INDIANAPOLIS — A neighborhood group on Monday said it’s pursuing “every option” to curb the rising tide of violence in Broad Ripple.
A shooting early Sunday left three people dead and a fourth wounded. Someone was wounded in another shooting in early May. Broad Ripple Village Association Executive Director Jordan Dillon says the violence has left people who live and work in Broad Ripple feeling defeated and deflated.
“For the majority of the people who have their business here, they know what the village can be and what it has been,” she said. “And right now, it’s lacking.”
Dillon says the group is asking the city to consider implementing a gun-free zone in the neighborhood as a result of the shooting. She also added the association is not yet sure whether it would apply merely to businesses or also to streets and sidewalks, but the group is open to any option that could work.
THE CITY V. THE STATE
During a news conference about the shootings on Sunday, Mayor Joe Hogsett blamed the General Assembly’s Republican supermajority for exacerbating the violence problem. He says looser gun laws such as permitless carry have increased the likelihood that people will turn to guns to solve their problems.
“When (the shooters) were empowered by a set of reckless policies that are designed to ensure that the simplest solutions aren’t on the table, tragic events like early this morning happen,” he said. “This may be what they want, but it is not what we are willing to accept.”
On Monday, Sen. Jack Sandlin, R-Indianapolis, says he disputed Hogsett’s characterization. He said the state has held large-scale events for years under its gun laws without any incident.
Sandlin, who served for 20 years in what was then the Indianapolis Police Department, says Haughville went through something similar to Broad Ripple’s problems during his time on the force.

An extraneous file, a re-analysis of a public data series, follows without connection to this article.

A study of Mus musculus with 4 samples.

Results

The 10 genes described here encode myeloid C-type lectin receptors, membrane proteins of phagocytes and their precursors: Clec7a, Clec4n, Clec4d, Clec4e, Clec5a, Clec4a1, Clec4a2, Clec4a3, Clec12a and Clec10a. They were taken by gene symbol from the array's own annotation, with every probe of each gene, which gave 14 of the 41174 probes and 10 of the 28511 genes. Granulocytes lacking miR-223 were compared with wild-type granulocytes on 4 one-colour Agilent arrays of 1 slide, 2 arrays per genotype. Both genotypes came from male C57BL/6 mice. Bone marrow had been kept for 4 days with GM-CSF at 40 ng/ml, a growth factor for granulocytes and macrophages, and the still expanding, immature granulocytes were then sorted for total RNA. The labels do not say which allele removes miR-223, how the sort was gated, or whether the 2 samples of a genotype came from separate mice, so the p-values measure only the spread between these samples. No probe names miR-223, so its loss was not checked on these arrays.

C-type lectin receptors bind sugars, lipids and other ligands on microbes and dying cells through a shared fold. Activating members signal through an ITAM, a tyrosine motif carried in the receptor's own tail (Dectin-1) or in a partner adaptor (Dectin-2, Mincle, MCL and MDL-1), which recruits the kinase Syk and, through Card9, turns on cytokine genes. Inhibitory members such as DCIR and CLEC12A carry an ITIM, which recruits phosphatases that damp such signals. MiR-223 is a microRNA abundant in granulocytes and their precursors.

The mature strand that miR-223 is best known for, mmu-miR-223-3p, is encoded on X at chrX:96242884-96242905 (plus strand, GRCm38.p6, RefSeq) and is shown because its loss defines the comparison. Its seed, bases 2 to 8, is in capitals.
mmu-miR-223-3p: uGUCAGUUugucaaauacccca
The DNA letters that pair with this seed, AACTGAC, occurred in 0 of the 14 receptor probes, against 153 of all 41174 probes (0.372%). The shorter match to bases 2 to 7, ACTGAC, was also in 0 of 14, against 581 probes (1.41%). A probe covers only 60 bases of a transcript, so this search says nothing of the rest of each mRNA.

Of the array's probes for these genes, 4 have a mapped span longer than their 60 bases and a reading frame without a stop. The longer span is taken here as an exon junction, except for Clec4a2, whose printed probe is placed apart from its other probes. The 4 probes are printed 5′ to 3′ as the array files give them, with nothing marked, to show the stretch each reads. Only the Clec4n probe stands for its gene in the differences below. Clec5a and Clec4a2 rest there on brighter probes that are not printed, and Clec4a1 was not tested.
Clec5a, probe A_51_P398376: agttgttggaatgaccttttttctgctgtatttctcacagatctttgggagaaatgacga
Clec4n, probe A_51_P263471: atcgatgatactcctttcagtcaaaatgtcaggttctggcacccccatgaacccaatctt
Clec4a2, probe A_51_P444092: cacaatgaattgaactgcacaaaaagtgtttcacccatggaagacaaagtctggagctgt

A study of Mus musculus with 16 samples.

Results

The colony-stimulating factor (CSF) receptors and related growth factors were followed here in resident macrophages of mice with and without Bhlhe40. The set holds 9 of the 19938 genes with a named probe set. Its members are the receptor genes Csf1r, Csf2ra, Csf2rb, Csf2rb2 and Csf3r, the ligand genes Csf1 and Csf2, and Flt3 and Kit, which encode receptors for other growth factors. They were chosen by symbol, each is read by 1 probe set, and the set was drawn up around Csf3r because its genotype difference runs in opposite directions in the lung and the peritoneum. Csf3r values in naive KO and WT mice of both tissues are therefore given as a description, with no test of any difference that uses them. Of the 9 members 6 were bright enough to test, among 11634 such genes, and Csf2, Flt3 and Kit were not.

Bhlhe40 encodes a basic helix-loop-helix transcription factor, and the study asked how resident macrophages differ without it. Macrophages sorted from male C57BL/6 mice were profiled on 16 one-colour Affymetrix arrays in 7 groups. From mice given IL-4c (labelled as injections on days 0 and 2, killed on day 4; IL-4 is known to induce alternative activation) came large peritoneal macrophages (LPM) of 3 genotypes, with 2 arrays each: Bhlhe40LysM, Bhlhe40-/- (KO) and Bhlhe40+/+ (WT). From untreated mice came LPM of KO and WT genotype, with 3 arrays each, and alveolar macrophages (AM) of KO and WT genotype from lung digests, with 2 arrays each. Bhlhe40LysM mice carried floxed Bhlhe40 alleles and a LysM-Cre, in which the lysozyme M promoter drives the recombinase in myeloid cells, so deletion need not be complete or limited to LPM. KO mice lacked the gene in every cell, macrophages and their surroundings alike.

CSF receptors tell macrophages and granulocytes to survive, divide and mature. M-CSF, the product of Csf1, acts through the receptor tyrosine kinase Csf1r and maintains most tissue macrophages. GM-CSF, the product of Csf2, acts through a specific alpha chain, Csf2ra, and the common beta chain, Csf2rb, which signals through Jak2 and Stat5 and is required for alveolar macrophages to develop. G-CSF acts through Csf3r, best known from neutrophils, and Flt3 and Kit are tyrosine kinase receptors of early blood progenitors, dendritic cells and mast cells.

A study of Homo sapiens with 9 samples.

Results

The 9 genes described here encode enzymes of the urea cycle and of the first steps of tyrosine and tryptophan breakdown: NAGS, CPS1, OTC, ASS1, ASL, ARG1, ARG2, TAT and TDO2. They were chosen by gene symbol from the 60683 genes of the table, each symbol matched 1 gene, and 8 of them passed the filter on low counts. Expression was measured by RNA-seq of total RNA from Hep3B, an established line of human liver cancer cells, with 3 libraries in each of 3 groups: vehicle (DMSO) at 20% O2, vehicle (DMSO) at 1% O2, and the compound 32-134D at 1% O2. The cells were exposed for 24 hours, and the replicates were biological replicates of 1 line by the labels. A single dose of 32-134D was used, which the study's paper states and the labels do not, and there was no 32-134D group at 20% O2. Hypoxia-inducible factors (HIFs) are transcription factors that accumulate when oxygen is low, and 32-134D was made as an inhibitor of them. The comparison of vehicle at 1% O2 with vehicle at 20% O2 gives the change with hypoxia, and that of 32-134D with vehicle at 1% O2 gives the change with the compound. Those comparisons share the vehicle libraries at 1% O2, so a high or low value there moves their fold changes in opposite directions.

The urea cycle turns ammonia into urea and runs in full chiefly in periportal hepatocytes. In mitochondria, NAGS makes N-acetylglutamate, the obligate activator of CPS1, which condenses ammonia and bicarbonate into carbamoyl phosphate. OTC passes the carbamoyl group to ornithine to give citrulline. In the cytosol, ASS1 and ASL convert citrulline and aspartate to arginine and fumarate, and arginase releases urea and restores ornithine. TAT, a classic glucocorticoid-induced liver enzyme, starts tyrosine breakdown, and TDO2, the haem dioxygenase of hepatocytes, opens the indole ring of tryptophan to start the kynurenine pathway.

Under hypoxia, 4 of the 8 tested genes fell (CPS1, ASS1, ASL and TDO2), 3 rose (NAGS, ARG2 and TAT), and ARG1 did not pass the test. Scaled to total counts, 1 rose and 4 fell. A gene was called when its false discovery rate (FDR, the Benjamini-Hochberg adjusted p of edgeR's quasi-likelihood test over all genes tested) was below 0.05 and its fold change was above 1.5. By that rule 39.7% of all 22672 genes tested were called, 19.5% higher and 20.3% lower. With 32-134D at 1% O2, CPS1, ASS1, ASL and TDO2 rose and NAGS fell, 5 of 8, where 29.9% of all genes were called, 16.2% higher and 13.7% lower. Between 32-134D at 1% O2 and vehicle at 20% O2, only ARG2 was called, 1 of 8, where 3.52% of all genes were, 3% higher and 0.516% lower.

He says officials resolved it by dedicating more officers to the area and working with residents on issues they identified as priorities, such as clearing alleys.
“I don’t see the current administration at that level of engagement,” he said. “It’s really nice to see the mayor, after seven and a half years, engage and take an interest in public policy as it deals with crime in the city. I mean, he’s been really absent all the time he’s been the mayor.”
Sandlin says state law already allows a business to prohibit its patrons from carrying firearms on the premises.
He also says there is nothing wrong under state law with a gun-free zone being declared for a particular event with a private contractor, such as the recent Garfield Park concert, but a gun-free zone applied to public right-of-ways such as city streets could lead to a court challenge.
WHAT BUSINESS OWNERS WANT
The gun-free zone idea got a mixed reception on the streets of Broad Ripple.
Jennifer Velasco, a longtime business owner and resident of Broad Ripple, says the idea is long overdue and city officials should take it a step further with a curfew. Someone fired a bullet through one of her store’s windows during a shooting a couple of years ago, so she has sustained property damage in the past.
“I think (the gun-free zone) might be a deterrent,” she said. “I don’t know how they plan on enforcing it but they need some different ideas. We have all the video cameras and that has helped but, apparently, it’s not enough.”
Bill Ficca says he wasn’t so sure about the gun-free zone idea. He says criminals are not going to pay attention to any such ordinances. Ficca, who owns or co-owns several bars and restaurants in the area, says the city should instead focus on large groups congregating in empty parking lots in the early morning hours.
“A lot of these people are in parking lots where the owner of the parking lot is collecting (businesses’) rent, and they are ‘hear no evil, speak no evil, see no evil,’” he said. “They need to be involved. They need to spend money the way the bars do to secure their lots, the same way we have to secure our establishments.”
Dillon says both Velasco’s and Ficca’s ideas are worth exploring, as well. She says the association is working with lawyers to figure out their best option.
Mayor Joe Hogsett’s office says he will release a plan for combating gun violence in Broad Ripple later this week. Hogsett on Sunday said IMPD will meet with the owners of properties that have become hotspots for violence in Broad Ripple.